TAMPA — The 2005 murder scene is one of the most mysterious Hillsborough has seen.
There is no clear motive. Detectives don't know the precise location of the killing.
Likely no one even saw the bullet that pierced the driver's window and killed 49-year-old David Neel as he headed south on Interstate 75.
Still, maybe the shooter has bragged about his deed. Maybe someone has heard something — a friend, a relative, an ex of the shooter, said Cpl. Dale Bunten.
The Hillsborough County Sheriff's Office needs that someone. So, on Tuesday, Neel's family — many of them public school teachers — announced they had pulled together $25,000 in reward money.
"This will hopefully be the incentive for someone that has good, solid information to come forward," Neel's wife, Debra Neel, said at a news conference.
The family is working with Crime Stoppers and says the money will be given to anyone with information that leads to the shooter's arrest. The tip must be offered in the next year.
At Tuesday's news conference, Debra Neel couldn't look at the poster-sized photo of her mustached husband displayed next to the lectern.
David Neel, a father and grandfather, worked as a security guard at the exclusive Avila subdivision in Lutz. He lived in Wesley Chapel and had been driving to Plant City to help the family show cattle at the Strawberry Festival when he was shot. He died before his truck veered off the road and into a tree.
Detectives believe the bullet came from another moving vehicle on I-75, between Fowler Avenue and Interstate 4 — a busy section of road that sees many out-of-state drivers.
"This person could be anywhere at this point," Debra Neel said.
Detectives have a hunch that David Neel was the victim of road rage. He was a cautious driver and may have been traveling slower than someone else liked, Bunten said.
"It's a theory," he said. "We don't know that, but it's as good a reason for why people do road rage these days."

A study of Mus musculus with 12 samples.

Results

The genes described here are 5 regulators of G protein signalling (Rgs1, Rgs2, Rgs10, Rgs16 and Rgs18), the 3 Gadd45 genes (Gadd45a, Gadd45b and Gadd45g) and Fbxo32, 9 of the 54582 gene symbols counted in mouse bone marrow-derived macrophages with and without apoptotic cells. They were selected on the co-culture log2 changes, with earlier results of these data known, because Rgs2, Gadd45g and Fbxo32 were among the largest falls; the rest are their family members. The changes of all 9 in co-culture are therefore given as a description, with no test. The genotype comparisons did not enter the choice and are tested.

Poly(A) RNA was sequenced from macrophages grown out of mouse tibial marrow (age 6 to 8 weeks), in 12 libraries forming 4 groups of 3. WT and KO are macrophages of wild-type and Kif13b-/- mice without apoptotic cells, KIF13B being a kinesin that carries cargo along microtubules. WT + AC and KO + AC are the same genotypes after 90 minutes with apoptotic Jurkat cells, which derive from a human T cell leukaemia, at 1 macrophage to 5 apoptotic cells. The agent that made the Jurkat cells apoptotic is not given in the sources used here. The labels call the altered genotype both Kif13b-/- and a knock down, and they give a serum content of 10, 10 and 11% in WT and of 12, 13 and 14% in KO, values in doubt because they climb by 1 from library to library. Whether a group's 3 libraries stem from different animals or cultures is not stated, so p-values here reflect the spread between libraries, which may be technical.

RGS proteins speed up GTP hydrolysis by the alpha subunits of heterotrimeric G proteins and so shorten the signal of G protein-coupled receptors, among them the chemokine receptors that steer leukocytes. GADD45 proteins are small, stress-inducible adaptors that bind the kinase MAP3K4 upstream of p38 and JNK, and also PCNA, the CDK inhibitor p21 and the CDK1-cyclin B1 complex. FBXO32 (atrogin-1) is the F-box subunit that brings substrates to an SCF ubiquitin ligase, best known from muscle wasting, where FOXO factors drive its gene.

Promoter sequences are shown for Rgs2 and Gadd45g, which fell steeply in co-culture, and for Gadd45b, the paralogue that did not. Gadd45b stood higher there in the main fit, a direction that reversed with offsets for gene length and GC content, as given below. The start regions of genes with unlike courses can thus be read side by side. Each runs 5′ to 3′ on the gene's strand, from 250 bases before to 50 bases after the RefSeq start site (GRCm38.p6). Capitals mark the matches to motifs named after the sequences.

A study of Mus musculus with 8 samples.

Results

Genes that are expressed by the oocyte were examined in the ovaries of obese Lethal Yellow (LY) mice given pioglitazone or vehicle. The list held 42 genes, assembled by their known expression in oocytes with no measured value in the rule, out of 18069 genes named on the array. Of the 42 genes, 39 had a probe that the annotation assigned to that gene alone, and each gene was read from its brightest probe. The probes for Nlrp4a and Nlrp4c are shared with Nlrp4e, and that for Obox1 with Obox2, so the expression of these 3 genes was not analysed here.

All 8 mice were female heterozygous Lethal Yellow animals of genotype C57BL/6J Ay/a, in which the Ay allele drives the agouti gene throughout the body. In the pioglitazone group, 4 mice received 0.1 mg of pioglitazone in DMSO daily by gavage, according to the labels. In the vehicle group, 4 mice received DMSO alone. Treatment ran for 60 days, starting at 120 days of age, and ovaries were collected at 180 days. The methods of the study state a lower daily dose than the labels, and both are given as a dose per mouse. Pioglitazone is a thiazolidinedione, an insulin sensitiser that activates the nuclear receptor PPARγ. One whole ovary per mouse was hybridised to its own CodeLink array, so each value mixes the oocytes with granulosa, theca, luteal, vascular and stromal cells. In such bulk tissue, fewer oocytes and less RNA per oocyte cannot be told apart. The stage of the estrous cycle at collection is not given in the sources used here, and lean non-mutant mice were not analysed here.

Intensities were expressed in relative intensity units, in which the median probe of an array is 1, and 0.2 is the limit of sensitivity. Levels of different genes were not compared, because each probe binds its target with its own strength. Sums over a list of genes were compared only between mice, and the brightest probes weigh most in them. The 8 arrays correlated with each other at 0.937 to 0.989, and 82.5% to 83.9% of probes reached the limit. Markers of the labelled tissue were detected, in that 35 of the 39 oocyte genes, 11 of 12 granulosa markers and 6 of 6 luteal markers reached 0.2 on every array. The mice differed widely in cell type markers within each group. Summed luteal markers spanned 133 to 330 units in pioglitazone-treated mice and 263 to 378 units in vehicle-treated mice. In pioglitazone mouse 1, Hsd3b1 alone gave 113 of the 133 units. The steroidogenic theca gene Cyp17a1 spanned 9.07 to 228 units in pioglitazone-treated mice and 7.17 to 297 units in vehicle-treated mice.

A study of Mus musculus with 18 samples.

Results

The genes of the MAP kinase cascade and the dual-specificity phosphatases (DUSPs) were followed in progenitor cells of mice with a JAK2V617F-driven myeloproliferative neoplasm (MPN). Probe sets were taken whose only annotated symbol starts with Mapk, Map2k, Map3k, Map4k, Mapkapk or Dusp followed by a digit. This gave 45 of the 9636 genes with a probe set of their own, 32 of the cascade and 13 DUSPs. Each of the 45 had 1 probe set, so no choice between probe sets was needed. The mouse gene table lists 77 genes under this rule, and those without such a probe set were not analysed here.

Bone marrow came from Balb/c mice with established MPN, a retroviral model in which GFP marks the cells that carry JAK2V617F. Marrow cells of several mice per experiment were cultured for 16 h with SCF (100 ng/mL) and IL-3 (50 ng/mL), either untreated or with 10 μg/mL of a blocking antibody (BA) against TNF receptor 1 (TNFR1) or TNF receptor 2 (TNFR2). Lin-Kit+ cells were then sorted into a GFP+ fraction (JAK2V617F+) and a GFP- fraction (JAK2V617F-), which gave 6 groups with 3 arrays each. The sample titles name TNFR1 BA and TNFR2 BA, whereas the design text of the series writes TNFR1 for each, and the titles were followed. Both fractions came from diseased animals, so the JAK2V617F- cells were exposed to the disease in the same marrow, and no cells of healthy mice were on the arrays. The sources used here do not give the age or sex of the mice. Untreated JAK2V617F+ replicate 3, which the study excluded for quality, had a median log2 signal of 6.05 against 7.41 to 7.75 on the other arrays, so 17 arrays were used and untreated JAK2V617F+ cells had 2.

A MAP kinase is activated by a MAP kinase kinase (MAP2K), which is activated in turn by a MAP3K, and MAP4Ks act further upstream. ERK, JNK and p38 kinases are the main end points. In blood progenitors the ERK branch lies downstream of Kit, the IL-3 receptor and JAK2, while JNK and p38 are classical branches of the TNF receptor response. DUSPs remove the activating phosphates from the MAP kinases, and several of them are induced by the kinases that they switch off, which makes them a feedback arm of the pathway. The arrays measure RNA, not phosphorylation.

The lingering case has affected Bunten, who drove to the scene as a detective on March 6, 2005. He noticed David Neel's phone ringing intermittently as investigators scoured the scene.
When Bunten finally had permission to go into the truck, he answered the phone. It was Debra Neel, worried about her husband.
Bunten has worked the case for the past eight years, following leads as far as Ohio and West Virginia.
"I'm very hopeful, absolutely," he said Tuesday. "I would love to have this one cleared up."
Families in murder cases sometimes pull together reward money, hoping it will lead to the missing piece.
"It's human nature: Most people tell somebody something," said Hillsborough sheriff's spokesman Larry McKinnon. "It only takes one piece that can lead to solving a crime."
A Tampa law firm offered $50,000 to help solve the murder of University of Tampa student Ryan McCall in 2009.
Temple Terrace police set aside $100,000 from Sandra Prince's mother's estate to entice tips in Prince's 2006 disappearance.
The families of Emilio Martinez-Rodriguez (shot in 2010), Cedric "C.J." Mills (2007) and Chad Lynch (2005) are also among those who have put up their own money to try to catch a killer. Sometimes it works. Sometimes it doesn't.
Neel's family members banded together to get this much cash, Debra Neel said.
"Twenty-five thousand dollars is a lot, but it's for David," she said. "It's for him."
Times news researcher John Martin contributed to this report. Jessica Vander Velde can be reached at firstname.lastname@example.org or (813) 226-3433.